Peter Bart: Streamer Mania Means Greenlights Galore, But Slate Strategies Still Baffle Creatives

Streaming Services

Oscar intrigues notwithstanding, the urgent news in Hollywood is that green lights are flashing as the majors line up their new streaming bets. One problem: The creative community cannot quite figure out what that portends.

Not that long ago, new projects were aimed either at features or television, but today’s buyers have become a blur — the MPAA has even welcomed Netflix. As the players change, so do the slates: The majors decided a few years ago to abandon mid-budget filmed dramas and comedies and focus resources on tentpoles, but now those genre are welcome again in other formats.

Every mega-company has decided it can compete with Netflix, balancing library content with original programming, so the streaming platforms instantly have become crowded destinations for ideas once doomed. The Oscar nominations vividly demonstrate the impact of Netflix’s radical bets, but will new production schedules reflect an appetite for new directions (back to the ‘70s?) or will Hollywood again become reboot city?


Consider the announcements: Comcast last week promised that its new NBCUniversal ad-supported platform will be “robust” (a favorite word in the streaming business), its foray coming on the heels of initiatives (in some ways more ambitious) from WarnerMedia and Disney+. Meanwhile, Amazon insiders report formation of new strategies, and new units (including an eight-picture streamer deal with the Blumhouse horror factory). Smaller entities like CBS Films promise to re-invent themselves focusing now on streaming content. And along comes the new Endeavor Streaming unit emerging from the William Morris catacombs, adding an array of projected sports services. This week, Viacom CEO Bob Bakish announced the $340 million acquisition of Pluto TV “as an opportunity to create product at a broad range of price points, including free.”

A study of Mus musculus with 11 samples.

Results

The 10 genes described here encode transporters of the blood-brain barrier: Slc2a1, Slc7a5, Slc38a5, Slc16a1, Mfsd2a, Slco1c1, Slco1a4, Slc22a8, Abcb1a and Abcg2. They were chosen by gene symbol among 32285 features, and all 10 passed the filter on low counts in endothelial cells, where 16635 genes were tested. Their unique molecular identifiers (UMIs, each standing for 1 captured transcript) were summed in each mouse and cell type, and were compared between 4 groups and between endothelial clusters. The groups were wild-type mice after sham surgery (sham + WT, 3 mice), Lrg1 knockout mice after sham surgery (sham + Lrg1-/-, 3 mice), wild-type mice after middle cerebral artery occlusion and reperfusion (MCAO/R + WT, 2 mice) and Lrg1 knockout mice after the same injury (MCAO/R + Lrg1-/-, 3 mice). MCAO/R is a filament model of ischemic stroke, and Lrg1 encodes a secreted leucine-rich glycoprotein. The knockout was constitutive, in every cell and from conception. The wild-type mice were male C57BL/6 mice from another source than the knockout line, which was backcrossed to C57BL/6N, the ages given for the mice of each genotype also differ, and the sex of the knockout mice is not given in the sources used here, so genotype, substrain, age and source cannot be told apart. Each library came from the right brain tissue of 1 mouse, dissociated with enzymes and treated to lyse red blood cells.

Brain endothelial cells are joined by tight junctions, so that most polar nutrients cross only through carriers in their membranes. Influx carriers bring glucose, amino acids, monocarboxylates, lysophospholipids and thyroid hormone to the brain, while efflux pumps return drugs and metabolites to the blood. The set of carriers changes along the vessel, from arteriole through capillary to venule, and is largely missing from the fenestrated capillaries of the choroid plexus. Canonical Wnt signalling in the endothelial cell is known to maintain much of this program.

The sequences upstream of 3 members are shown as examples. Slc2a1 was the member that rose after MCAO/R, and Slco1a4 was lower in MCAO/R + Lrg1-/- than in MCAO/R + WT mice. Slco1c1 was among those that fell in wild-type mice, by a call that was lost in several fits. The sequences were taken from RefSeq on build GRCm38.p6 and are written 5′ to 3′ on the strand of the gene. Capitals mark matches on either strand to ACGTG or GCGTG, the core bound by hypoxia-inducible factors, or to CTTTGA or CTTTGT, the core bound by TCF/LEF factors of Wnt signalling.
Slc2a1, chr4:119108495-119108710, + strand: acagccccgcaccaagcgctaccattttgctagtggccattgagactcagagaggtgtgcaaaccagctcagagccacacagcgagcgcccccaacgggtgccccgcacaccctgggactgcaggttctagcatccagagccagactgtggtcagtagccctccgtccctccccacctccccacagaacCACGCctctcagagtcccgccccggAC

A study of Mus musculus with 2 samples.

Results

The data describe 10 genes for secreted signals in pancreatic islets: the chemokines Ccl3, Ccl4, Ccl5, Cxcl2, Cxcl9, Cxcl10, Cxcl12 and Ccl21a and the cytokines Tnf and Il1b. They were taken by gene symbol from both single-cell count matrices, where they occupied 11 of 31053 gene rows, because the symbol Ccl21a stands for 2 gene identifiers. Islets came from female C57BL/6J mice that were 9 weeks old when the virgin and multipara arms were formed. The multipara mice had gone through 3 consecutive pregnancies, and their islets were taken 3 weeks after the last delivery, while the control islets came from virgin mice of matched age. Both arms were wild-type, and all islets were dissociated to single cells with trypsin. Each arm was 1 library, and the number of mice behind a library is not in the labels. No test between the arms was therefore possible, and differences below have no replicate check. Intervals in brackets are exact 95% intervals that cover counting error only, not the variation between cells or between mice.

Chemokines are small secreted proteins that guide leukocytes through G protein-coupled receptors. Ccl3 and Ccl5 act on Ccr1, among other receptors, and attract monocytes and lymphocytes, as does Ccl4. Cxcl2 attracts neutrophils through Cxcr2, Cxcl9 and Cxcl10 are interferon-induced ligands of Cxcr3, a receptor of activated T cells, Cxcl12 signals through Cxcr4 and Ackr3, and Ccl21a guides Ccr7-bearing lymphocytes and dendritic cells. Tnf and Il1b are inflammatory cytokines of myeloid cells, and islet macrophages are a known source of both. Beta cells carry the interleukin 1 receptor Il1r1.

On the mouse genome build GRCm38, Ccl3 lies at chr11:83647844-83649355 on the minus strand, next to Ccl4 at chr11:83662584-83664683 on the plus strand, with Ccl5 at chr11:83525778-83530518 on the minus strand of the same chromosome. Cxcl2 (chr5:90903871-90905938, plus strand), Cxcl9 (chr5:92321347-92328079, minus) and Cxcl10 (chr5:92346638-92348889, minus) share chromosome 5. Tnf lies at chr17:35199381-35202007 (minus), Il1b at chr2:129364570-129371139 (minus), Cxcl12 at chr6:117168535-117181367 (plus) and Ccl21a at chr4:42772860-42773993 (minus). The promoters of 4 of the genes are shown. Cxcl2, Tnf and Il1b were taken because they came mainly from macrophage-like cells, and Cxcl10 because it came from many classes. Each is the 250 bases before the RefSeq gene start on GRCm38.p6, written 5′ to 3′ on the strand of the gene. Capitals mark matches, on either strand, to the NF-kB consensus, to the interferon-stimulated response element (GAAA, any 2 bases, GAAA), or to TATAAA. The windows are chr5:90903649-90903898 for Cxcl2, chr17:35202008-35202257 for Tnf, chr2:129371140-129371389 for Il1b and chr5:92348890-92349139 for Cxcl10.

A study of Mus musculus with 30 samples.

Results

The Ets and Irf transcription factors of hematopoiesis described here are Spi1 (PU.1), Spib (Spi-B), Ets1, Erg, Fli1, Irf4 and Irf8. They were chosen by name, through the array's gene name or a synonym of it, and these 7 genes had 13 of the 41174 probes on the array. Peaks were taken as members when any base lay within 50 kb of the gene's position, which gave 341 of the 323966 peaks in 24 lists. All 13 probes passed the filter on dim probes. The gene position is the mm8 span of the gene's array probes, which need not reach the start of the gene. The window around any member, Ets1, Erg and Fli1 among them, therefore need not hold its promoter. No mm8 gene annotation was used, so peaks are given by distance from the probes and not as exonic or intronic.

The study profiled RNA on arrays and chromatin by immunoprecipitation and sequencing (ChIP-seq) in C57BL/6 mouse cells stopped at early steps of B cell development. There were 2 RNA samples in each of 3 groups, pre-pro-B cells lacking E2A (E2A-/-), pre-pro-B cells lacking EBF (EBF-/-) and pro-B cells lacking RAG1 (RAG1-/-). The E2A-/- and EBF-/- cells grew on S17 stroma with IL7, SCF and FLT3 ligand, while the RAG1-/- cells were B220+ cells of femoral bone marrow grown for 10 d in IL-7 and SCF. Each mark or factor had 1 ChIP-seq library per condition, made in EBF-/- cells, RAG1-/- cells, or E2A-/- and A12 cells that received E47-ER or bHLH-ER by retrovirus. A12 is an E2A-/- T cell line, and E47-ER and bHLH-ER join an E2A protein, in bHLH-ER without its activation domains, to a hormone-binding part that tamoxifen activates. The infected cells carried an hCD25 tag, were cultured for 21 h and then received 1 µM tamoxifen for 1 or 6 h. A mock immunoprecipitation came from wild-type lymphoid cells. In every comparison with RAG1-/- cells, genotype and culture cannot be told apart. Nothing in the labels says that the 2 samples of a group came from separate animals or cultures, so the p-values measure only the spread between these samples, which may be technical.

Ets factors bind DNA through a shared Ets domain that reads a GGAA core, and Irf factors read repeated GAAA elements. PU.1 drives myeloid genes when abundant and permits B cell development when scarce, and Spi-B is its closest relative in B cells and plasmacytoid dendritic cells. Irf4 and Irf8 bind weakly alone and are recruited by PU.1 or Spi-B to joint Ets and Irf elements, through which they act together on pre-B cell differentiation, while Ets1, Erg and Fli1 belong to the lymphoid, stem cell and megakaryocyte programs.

The numbers are formidable: By one estimate Disney and Comcast together will spend $43 billion on content this year, accounting for two of every 10 dollars globally. How will Netflix respond to all this? “You’ll see us ramping up more than ever,” Ted Sarandos, chief content officer, assures us.

Although subscriber growth (up 8.8 million in the fourth quarter of 2018) now stems principally from overseas, Netflix is raising subscriber fees by 18% on its most popular plan and pledges to further boost production of films and TV shows. It has even decided to release its viewership numbers — “sharing cultural metrics,” in the words of Sarandos. Bird Box was viewed by 80 million households, the series Sex Education by 40 million.

While consumers will be paying more for their entertainment fare, exactly what will they be getting? Will a substantial portion of the new films, for example, represent a return to the sort of made-for-TV genre of a generation ago?


Disney+ has been reasonably transparent about its emerging production slate, which is being filled in part by Sean Bailey, whose prior responsibilities focused on film genres that the studio has since shelved. On first scrutiny, the overall slate, overseen by Ricky Strauss, would seem to cling to a mix of mainstream product and offshoots of tentpole fare. Disney Channel’s High School Musical franchise is being “re-imagined” for Disney+. Some titles like Timmy Failure, with Craig Robinson, or Noelle, with Anna Kendrick, or a reworking of Lady and the Tramp on the surface seem like solid Disney fare. On the other hand, big bucks are being allocated for The Mandalorian, with Jon Favreau presiding over the live-action Star Wars series. Disney+ film development is carefully shaped to include more female directors like Julia Hart (Stargirl) and diverse casting.

Removed from the theatrical melee, Bailey’s team doesn’t have to come up with the magic campaign aimed at capturing opening weekends. Talk to the top marketing minds in the streamer business and they acknowledge they are still struggling to discover what elements will “open” their projects, even what criteria will spell “hit.” “Our first big question is how to focus resources,” observes one Netflix executive. “Which project merits the trailer and the billboards? Do you go by gut or algorithms?”

Netflix is still assimilating the success of Bird Box — its star in Sandra Bullock, the former Miss Congeniality, locked in a post-apocalyptic horror plot (kids are driving blindfolded around the world.) What did its success prove? That the brave new world of streamers needs brave new ideas fortified by brave new memes and algorithms. It remains to be seen who is going to interpret that conclusion to the creative community.